What happens when you are young, single and carefree but your parents think you're throwing your life away? The clash between generations has been intensifying in China as growing numbers of young people are postponing walking up the aisle.
Over three in five men and more than four in five women are now opting for so-called late marriages, tying the knot after 23 for women and older than 25 for men, according to the Chinese Marriage Status Report in 2015.
However, parents are not necessarily pleased that their children are putting careers before marriage and prioritizing personal freedom over settling down.
A parent holds a resume of her son, hoping to find him a girlfriend.
According to the ancient Chinese saying: "There are three forms of unfilial conduct, of which the worst is to have no descendants."
"If one reaches a certain age and hasn't yet got married or had children, that's a terrible loss of face for parents,” explains Zhang Pengkun, professional matchmaker for China’s largest dating website, Baihe.
Worried that their neighbors might think there is something not quite right with their child, parents are willing to go to extraordinary lengths to ensure their kids get hitched.
One approach is offering their child - often without their knowledge or consent - to one of China's blind dating events. The one in the People’s Park in Shanghai is among the best known, having received repeated media coverage.
It was under the international spotlight last year when British actor Sir Ian McKellen posed at the event with a piece of paper offering himself to potential parents-in-law.
And last year it was the backdrop of a marketing campaign by cosmetics company SKII, when large portraits were hung up featuring images of young women facing pressure from their parents to wed and their reasons as to why they didn't want to.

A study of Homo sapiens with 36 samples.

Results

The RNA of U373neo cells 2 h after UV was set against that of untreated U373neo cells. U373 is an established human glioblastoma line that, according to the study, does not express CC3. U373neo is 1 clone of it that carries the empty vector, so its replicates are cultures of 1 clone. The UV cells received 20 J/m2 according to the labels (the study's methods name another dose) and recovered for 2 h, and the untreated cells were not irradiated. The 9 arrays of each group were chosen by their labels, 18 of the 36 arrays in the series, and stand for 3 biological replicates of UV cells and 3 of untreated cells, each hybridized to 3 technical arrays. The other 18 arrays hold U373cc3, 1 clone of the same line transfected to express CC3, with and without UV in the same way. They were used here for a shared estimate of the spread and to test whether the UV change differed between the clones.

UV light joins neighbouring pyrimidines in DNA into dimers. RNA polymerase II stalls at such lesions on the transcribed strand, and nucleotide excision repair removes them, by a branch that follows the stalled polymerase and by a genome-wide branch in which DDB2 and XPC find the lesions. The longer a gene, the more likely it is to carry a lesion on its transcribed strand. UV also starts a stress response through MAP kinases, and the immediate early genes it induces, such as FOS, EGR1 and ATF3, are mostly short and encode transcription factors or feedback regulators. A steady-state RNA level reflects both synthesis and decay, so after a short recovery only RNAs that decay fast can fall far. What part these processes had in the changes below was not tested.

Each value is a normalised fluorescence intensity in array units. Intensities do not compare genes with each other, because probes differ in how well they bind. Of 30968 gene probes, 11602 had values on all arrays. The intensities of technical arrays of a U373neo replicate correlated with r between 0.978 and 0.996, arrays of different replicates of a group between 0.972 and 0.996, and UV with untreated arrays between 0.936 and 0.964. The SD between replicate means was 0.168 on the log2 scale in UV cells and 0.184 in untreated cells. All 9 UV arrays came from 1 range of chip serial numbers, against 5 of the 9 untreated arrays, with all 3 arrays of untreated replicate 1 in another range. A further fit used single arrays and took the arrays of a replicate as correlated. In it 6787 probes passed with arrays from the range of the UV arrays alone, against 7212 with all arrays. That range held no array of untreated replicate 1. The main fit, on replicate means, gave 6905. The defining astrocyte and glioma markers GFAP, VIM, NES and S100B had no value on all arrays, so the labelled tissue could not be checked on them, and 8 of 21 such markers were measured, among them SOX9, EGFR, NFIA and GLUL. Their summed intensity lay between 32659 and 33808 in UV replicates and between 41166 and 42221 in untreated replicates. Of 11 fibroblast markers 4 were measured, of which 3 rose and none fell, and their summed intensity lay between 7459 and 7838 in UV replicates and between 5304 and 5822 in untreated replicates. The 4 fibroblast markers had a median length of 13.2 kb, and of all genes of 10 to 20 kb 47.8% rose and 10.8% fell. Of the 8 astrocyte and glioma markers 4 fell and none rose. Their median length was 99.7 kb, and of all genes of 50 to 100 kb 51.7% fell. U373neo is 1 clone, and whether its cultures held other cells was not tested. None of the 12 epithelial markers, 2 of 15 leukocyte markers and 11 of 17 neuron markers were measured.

“I don’t want to get married just to get married. I won’t live happily that way”, is the message that one of the women featured wants to get across to her parents.
Indeed, the big shift is that priorities have changed for young Chinese. Their parents were very pragmatic about their choice of partner, a fact that can be seen from the marriage CVs they bring to the blind dating event detailing their child’s physical information, such as height, weight, age plus their level of education, job and income.
However, the younger generation want more.
Professor Chak Wong of the University of Science and Technology in Hong Kong is author of a book on the economics of love and marriage. He believes it’s all about putting things into perspective.
“My advice is try first to explain and more importantly try to explain in language that your parents can understand. Getting married, it’s no longer the case that you will stay married for the rest of your life. It’s not something like the older generation," he said.
"So tell them the divorce statistics. Get them to think about the divorce probability. So that they will understand marrying the wrong person or marrying and then divorcing is much worse than not marrying at all.”